The COVID-19 pandemic has affected almost every aspect of life, but few things have been impacted as greatly as education. Both teachers and students have had to adapt to using online tools for instruction and learning from a safe distance. While educators have adopted a number of applications for conducting online classes, Zoom has emerged as one of the most popular platforms.
Molly Nuell, a third-grade teacher in South Florida, has been using Zoom for online class sessions since the beginning of the 2020–2021 school year. She completed an online two-day Zoom for Educators seminar this summer to prepare, and learned the nuts and bolts of how to use Zoom for online learning and online class sessions.
As you can imagine, working with eight- and nine-year-olds in an online environment poses some big challenges! While the kids are tech-savvy and can easily pick up how to operate in Zoom and other online apps, Nuell has some specific tips for how to set up and use Zoom for online learning:
1. Don’t use virtual backgrounds
Zoom has a number of virtual backgrounds you can use, and you can upload custom virtual backgrounds. But using a background requires getting the lighting right and, ultimately, takes more work than it’s worth.
For online instruction, the focus should be on you and the instructional materials you’re working with. Virtual backgrounds distract from that focus. For younger students especially, it’s important to eliminate as many distractions as possible.
2. Disable chat messages
Nuell uses Zoom settings that allow her to receive chat messages from her students but prevent students from messaging one another. When students address questions to her in chat, she discusses the question and answers it for the entire class.
3. Use the grid view feature
Zoom’s Gallery View Grid allows Nuell to visually monitor all her students while she’s teaching. Depending on your Zoom client settings and computer specifications, you can view up to 25–49 participants’ video feeds in grid view. This visual connection is especially important with younger students, who are more prone to distraction.
The other viewing option for Zoom meetings with more than two participants is the Gallery View Strip, which allows five participants’ video feeds to be seen onscreen.
4. Use the mute feature
Nuell mutes students to prevent crosstalk and distractions. Students can unmute themselves, but using the feature prevents disruptions from spontaneous outbursts and helps students learn to practice self-control.
5. Take advantage of breakout rooms
Nuell uses Zoom’s breakout rooms to allow two or three students to collaborate in small group exercises in a separate Zoom “room,” a practice she has carried over from the physical classroom. As the host, Nuell can easily move between rooms, just as she would move between groups in the physical classroom.
Nuell’s students love collaborating, so she uses breakout sessions as an earned prize for students and limits the breakout sessions to only a few minutes, since third graders can’t be left alone for long. Zoom allows her to broadcast messages to all rooms, so she can notify students when it’s time to rejoin the full group.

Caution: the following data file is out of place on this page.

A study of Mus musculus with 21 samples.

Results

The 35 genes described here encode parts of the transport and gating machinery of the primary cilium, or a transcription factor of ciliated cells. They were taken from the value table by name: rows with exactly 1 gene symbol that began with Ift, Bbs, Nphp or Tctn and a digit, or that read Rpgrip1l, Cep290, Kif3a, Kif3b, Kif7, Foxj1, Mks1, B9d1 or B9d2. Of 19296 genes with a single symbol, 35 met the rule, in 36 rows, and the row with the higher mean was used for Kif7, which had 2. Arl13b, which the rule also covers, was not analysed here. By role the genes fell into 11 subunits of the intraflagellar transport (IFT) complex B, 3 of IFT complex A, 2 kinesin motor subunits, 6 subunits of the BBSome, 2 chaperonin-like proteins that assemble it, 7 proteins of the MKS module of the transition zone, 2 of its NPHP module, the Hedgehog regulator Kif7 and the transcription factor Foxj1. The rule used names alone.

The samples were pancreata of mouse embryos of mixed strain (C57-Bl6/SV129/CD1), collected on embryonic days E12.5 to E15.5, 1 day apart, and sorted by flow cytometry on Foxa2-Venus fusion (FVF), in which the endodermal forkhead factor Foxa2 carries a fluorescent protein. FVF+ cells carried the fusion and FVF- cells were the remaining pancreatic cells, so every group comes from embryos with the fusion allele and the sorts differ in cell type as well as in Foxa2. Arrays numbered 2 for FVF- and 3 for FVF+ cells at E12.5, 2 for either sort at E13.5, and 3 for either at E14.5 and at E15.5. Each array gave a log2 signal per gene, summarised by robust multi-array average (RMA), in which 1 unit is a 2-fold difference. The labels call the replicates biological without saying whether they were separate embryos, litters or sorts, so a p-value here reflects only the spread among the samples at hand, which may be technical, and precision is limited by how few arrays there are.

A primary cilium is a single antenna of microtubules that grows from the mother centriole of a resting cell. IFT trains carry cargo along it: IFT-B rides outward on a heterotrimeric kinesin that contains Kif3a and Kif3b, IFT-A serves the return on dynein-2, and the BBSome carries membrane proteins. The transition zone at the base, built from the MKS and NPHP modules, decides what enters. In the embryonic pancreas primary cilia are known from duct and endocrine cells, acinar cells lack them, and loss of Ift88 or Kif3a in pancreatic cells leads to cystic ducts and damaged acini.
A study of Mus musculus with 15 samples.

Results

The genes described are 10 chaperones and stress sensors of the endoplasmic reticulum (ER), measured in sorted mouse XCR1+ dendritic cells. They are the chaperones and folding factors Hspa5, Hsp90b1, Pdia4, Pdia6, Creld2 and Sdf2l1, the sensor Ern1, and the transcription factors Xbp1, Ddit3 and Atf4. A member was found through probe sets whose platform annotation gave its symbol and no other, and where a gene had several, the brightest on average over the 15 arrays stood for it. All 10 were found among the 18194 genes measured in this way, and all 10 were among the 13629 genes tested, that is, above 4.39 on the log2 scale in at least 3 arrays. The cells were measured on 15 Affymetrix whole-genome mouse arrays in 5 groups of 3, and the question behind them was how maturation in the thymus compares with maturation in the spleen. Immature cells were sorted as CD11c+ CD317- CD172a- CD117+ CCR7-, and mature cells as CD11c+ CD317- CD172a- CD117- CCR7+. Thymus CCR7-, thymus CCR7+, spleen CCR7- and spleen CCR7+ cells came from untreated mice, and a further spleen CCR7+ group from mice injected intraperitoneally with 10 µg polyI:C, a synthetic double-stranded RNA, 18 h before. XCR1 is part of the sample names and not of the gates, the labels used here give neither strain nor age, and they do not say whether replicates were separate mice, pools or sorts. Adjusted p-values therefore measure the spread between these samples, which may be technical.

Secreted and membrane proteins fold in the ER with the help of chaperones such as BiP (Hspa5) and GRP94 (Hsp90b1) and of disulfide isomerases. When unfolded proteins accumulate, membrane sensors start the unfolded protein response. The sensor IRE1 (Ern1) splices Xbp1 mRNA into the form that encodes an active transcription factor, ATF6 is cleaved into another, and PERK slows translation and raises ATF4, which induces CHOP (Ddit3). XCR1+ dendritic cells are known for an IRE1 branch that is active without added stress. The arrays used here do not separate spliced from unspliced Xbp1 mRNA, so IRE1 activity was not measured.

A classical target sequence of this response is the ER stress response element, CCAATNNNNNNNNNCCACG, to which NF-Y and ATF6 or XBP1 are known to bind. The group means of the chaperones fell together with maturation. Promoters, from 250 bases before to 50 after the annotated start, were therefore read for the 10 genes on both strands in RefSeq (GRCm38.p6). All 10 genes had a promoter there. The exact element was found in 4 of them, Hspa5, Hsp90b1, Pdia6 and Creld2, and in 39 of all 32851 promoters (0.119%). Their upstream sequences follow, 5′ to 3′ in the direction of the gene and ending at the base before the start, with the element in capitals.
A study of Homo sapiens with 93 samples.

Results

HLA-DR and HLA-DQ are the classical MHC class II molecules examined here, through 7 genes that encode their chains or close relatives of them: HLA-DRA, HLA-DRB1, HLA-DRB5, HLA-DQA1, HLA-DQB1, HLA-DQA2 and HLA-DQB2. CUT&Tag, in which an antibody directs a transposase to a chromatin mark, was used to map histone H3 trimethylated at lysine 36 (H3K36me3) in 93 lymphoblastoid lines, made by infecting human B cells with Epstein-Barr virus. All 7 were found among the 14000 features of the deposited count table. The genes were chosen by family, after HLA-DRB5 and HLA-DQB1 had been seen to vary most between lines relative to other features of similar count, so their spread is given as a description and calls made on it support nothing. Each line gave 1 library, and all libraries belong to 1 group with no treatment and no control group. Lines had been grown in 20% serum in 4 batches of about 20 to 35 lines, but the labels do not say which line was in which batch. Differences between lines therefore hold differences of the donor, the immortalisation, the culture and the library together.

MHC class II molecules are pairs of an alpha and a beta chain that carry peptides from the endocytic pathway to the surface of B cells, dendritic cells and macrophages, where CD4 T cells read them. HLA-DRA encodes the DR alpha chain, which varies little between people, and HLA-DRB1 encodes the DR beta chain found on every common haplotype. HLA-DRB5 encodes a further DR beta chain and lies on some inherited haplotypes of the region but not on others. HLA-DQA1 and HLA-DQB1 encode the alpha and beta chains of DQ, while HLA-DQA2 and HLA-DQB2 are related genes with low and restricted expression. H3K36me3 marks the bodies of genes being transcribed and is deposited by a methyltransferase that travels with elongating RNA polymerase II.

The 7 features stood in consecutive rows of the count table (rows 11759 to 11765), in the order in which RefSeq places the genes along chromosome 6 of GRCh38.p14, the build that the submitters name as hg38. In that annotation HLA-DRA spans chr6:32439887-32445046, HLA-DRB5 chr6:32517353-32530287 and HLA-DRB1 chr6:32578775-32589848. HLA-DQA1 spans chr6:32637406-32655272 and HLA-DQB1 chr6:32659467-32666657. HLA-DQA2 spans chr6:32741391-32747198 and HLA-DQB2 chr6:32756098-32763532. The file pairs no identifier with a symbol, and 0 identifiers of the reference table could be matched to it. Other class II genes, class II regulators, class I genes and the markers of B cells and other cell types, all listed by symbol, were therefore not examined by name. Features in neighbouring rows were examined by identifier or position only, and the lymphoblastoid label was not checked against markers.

6. Use a document camera in Zoom teaching sessions
Document cameras are the Zoom equivalent of an overhead projector. The document camera allows students to clearly see written materials or illustrations Nuell uses in the lesson. This is a tool she uses every day.
The visuals she can provide by using the camera help keep the students engaged; they can follow her while she’s checking homework or reviewing lessons, just as they would by looking at a chalkboard or screen in a physical classroom.
7. Repost or resend the Zoom meeting room link each day
Nuell’s school uses Google Classroom, and students know to check in there each day to find out what materials they need for the online lesson. Even though the meeting room link never changes, Nuell posts it with the agenda each day so students don’t have to hunt for it and can join the session on time.
8. Break up instruction into shorter sessions
Engaging students in an online learning environment is more challenging than engaging students in person — especially with younger students who have more limited attention spans and need to move more frequently.
While Nuell is grateful to be able to interact with her students in real time, she limits her instruction sessions to one hour and allows a two- to three-minute break in the middle of the session and several shorter breaks throughout the hour.
Nuell essentially teaches the same way on Zoom as she does in the classroom; it’s just the medium that has changed. She teaches the same lessons, modeling as she would if she were teaching in person.
Her students are doing well and making good progress, which is good news for all teachers doing remote instruction. If using Zoom for online learning is effective with high-energy eight-year-olds, it can be effective with students of any age.
While Zoom for online learning is a powerful tool for educators in its own right, JotForm can make it even more flexible and convenient.
Just so you know
With the JotForm-Zoom integration, you can schedule sessions and register participants.